New mothers increasingly are asking their providers questions about eating their placentas, a practice that Jen Gunter, an OB-GYN, describes in the New York Times as a "novel therapy based on anecdotes, with no standardized—not to mention safe—method or preparation."
Gunter explains that she's seen growing interest among patients in recent years in placentophagy. She reflects, "As someone who specializes in infectious diseases and sexual health, I am used to hearing things about the body that most people can't imagine." However, when it comes to inquiries about eating placenta, Gunter says, "I was dumbfounded."
The placenta, she explains, filters out toxins during pregnancy and transports oxygen and nutrients from the mother to the developing fetus. As such, they "are often colonized with bacteria," Gunter writes. She adds, "[I]t's best not to eat something that is potentially teeming with bacteria, many of which may be pathogenic."
So why would a woman eat her placenta?
Proponents of the trend say it increases breast milk production and energy while also improving overall mood and helping women recover quickly from birth. However, no scientific studies have corroborated these claims, Gunter writes.
Another common justification for placentophagy is that other mammals do it, Gunter writes.
However, she disputes this justification, citing the differences between the reproductive biology of humans and that of other animals. "Other mammals often have litters. Or differently shaped uteri with less invasive placentas," she writes.
Gunter notes that animals also have "entirely different behaviors" from humans. As an example, Gunter notes her cat eats grass to vomit, which Gunter suspects is in response to having "an upset stomach." She asks, "Imagine if your gastroenterologist suggested eating grass for an upset stomach because cats do it?"
Gunter also debunks the justification that placentophagy is an "old ancient practice." According to Gunter, "[I]t is unclear when exactly the modern practice of human placentophagy started," noting that the practice was first mentioned in medical literature in 1973.
Gunter suggests "those with financial interest" may be promoting placentophagy. She explains that some women eat placenta in capsule form and that "[p]lacental encapsulation can cost from $200 to $400."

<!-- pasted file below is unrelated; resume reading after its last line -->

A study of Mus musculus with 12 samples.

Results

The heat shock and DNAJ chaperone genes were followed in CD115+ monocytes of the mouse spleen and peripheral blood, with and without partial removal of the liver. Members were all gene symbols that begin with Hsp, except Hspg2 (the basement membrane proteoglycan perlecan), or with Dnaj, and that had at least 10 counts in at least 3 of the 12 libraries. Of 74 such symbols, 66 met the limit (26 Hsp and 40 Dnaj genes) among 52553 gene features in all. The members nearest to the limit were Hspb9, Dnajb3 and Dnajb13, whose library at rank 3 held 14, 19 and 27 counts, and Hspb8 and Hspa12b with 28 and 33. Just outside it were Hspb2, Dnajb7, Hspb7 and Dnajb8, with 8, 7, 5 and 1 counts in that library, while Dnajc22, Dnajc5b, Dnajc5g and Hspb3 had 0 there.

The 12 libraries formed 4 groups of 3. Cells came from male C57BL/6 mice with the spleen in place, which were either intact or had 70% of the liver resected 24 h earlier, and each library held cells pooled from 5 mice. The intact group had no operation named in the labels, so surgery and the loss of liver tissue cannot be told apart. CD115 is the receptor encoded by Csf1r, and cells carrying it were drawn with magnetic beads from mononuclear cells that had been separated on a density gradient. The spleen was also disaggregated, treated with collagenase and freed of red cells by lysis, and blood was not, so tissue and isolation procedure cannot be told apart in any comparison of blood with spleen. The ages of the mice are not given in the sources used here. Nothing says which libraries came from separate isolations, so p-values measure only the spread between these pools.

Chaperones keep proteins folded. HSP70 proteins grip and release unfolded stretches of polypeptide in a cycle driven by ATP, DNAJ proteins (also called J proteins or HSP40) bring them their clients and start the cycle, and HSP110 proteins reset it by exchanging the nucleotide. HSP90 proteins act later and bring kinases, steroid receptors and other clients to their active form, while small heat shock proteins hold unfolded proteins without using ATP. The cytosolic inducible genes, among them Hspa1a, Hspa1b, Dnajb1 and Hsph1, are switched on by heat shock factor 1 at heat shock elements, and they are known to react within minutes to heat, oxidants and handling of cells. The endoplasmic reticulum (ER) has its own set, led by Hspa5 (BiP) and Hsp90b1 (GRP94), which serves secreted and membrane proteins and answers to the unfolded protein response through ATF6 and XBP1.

Gunter writes that women shouldn't eat their placenta because there isn't enough research on its effects—and so far, research indicates it carries risks. She writes, "[W]e in medicine are now faced with that Trojan horse of recommendation—anecdotes with the promise of amazing results."
The limited research has found that encapsulated placenta may have a small amount of iron and enough estradiol and progesterone to have a clinical effect. But Gunter writes for most women it's not advised to increase doses of reproductive hormones shortly after giving birth because " it can have a negative impact on milk supply, and could theoretically lead to an increased risk of dangerous blood clots."
In addition, CDC has reported at least one case of neonatal sepsis that stemmed from the handling or ingestion of encapsulated placenta that contained bacteria group B streptococcus, Gunter writes.
While the postpartum period "can be very hard for many, if not most, women," Gunter writes, turning to eating placentas without more research just isn't safe. "[A] novel therapy based on anecdotes, with no standardized—not to mention safe—method or preparation, is no answer," she writes. "We know so little about eating placenta that we don't even know what we don't know" (Gunter, New York Times, 9/6).
Read this primer to learn more about how pregnancy care providers are implementing live virtual visits, remote patient monitoring, and asynchronous store-and-forward communication in their practice.